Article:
Priscian, Cicero, and Pseudo-Cicero, Boethius, Aristotle, Euclid, Adelard of Bath, Ptolemy, translated by Gerard of Cremona. France, Central (Paris, c. 1309-1316. Attributed to the Meliacin Master. British Library. (BL. Ms. Burney 275 f. 336).

It’s day eight, and I think it’s also high time that I start discussing some non-religious manuscripts. Books of hours, psalters, choir books, and Bibles get a lot of the attention because many are so rich in decoration, color, and subject matter ripe for illustration. However, it would be a huge oversight to suggest that they are the only class of illuminated manuscript that exists or deserves to be studied.

Ezekiel and Daniel, with the Glossa ordinaria England, S. (Oxford?); 3rd quarter of the 13th century. British Library. (BL. Royal Ms. 3.E.V., f.90-v-91).

Christopher de Hamel’s A History of Illuminated Manuscripts, which I frequently consult while writing these posts, dedicates a chapter to each of the numerous types of users of medieval manuscripts. In addition to those we might expect based on the manuscripts I featured last week, there is a chapter entitled “Books for Students”. The Middle Ages saw the foundation of several prominent universities in cities across Europe, so it makes sense that these early classes of college students needed books to study from just as we do today.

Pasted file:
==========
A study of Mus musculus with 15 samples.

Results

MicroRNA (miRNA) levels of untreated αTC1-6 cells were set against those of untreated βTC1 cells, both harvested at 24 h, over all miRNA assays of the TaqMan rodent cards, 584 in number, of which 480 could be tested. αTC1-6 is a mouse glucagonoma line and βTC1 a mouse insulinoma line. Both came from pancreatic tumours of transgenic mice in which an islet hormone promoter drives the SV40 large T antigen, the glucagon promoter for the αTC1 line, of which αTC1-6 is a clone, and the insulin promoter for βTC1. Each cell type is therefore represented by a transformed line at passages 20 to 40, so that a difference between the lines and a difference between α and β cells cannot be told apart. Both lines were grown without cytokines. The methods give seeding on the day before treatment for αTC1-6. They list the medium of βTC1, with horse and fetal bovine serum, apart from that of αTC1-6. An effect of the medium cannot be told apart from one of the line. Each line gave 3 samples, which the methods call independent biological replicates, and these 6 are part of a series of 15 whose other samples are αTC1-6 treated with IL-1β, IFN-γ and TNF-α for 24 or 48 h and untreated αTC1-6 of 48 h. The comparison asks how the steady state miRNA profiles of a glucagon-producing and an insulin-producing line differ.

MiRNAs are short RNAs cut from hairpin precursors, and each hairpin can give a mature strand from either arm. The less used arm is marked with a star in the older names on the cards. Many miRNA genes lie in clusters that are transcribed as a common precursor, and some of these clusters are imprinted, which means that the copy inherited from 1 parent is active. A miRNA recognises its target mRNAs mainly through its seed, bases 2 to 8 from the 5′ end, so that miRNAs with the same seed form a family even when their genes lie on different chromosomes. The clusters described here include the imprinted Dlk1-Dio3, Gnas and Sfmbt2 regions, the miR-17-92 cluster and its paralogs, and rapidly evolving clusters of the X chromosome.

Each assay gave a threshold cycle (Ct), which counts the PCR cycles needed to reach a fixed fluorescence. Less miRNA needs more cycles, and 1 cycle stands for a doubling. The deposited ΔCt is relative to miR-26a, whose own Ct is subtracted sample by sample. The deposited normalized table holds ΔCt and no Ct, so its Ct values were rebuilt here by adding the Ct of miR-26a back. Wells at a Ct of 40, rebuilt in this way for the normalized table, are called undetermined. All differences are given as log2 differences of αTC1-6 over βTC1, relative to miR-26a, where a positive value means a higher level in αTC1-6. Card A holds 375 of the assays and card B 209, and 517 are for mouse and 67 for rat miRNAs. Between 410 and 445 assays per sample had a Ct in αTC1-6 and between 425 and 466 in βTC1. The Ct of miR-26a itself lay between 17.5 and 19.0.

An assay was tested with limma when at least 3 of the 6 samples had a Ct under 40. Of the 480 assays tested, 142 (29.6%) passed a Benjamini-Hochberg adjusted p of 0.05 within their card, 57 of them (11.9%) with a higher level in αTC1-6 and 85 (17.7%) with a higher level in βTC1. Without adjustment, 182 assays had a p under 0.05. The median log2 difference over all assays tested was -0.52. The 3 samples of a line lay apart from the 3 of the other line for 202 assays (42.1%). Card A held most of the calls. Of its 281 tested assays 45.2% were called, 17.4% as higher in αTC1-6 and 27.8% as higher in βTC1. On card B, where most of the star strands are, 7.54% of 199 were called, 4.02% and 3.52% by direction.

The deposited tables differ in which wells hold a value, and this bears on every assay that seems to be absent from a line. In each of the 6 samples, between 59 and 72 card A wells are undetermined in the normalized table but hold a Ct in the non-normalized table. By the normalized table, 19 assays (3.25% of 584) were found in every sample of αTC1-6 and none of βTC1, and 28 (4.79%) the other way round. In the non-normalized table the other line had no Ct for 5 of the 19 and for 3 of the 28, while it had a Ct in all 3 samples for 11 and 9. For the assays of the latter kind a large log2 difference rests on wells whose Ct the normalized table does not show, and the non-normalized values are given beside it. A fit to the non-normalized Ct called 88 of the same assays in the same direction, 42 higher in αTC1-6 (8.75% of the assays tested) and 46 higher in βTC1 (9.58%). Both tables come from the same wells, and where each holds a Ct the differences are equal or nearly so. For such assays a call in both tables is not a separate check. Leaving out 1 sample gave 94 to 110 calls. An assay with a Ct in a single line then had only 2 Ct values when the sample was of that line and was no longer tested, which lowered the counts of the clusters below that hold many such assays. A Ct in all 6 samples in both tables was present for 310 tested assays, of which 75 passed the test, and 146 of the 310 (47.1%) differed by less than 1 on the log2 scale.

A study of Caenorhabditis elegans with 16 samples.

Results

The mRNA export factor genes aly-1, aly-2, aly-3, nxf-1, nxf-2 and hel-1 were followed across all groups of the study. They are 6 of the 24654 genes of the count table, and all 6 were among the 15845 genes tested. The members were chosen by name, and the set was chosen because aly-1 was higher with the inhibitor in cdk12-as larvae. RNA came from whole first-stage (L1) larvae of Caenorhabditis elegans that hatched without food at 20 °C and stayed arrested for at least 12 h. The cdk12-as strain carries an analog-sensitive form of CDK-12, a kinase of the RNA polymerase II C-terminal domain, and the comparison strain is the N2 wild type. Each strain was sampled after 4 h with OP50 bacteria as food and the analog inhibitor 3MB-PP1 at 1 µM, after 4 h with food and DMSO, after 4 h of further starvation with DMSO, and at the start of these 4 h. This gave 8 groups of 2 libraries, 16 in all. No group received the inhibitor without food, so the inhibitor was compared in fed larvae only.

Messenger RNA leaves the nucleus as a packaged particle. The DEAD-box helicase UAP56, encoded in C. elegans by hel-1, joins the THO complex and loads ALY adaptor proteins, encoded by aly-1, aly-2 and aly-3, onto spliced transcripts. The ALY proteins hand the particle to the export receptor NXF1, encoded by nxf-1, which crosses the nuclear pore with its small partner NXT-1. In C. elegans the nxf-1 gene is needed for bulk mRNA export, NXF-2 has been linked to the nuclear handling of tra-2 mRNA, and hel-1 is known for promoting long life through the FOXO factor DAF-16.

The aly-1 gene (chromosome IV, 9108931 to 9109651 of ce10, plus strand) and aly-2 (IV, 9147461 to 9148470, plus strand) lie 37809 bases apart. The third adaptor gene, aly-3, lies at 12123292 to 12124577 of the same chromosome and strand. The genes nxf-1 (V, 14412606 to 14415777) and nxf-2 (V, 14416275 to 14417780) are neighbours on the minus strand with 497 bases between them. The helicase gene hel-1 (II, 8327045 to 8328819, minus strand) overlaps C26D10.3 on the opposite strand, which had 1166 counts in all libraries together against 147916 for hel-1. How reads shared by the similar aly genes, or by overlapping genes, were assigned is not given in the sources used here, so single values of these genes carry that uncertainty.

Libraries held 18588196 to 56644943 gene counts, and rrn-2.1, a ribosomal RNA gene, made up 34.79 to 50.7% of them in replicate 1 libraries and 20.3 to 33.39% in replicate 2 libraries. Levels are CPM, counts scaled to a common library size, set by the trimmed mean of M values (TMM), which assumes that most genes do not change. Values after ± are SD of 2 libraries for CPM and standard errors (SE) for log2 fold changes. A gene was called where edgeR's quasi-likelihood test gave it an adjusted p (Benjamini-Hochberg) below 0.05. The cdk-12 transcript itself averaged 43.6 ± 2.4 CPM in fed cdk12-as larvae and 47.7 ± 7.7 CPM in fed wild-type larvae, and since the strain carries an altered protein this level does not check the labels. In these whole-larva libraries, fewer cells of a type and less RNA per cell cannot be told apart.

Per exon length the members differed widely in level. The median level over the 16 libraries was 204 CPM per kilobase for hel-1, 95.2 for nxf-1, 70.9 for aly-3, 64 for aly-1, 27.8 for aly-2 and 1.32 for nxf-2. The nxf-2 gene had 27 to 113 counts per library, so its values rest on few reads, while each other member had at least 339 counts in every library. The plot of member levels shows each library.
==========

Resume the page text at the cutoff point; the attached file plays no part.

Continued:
Rouen, Bibliotheque Municipale, ms. 96, fol.91r (detail). Photo from Husband 118.
Rouen, Bibliotheque Municipale, ms. 96, fol.91r (detail). Photo from de Hamel, p. 118.

It should come as no surprise that medieval university students’ law, religion, and philosophy texts were nowhere near as luxurious as those owned by, say, the Duke of Berry. It took a certain amount of financial means and social status to attend a university in medieval period, but we can still assume that most college students of the time were now spending vast sums of money on elaborately-gilt and decorated books. Besides, the content of these books would have been what was most important.

Oxford, Bodleian Library, MS., fol.168r. Decretals of Gregory IX. Photo from Husband, p. 138.
Oxford, Bodleian Library, MS., fol.168r. Decretals of Gregory IX. Photo from de Hamel, p. 138.

As you can see from these images, these books do contain some illustrations, many featuring scholarly monks and saints, but they tend to be on the smaller and simpler side. These pages also contain a much higher concentration of text than do those in luxury manuscripts. In my opinion, these textbooks look somewhat like early printed books (called incunabula) would look in the period after Johannes Gutenberg’s 1439 invention of the printing press.

Source: de Hamel, Christopher. A History of Illuminated Manuscripts. London: Phaidon Press Limited, 1994.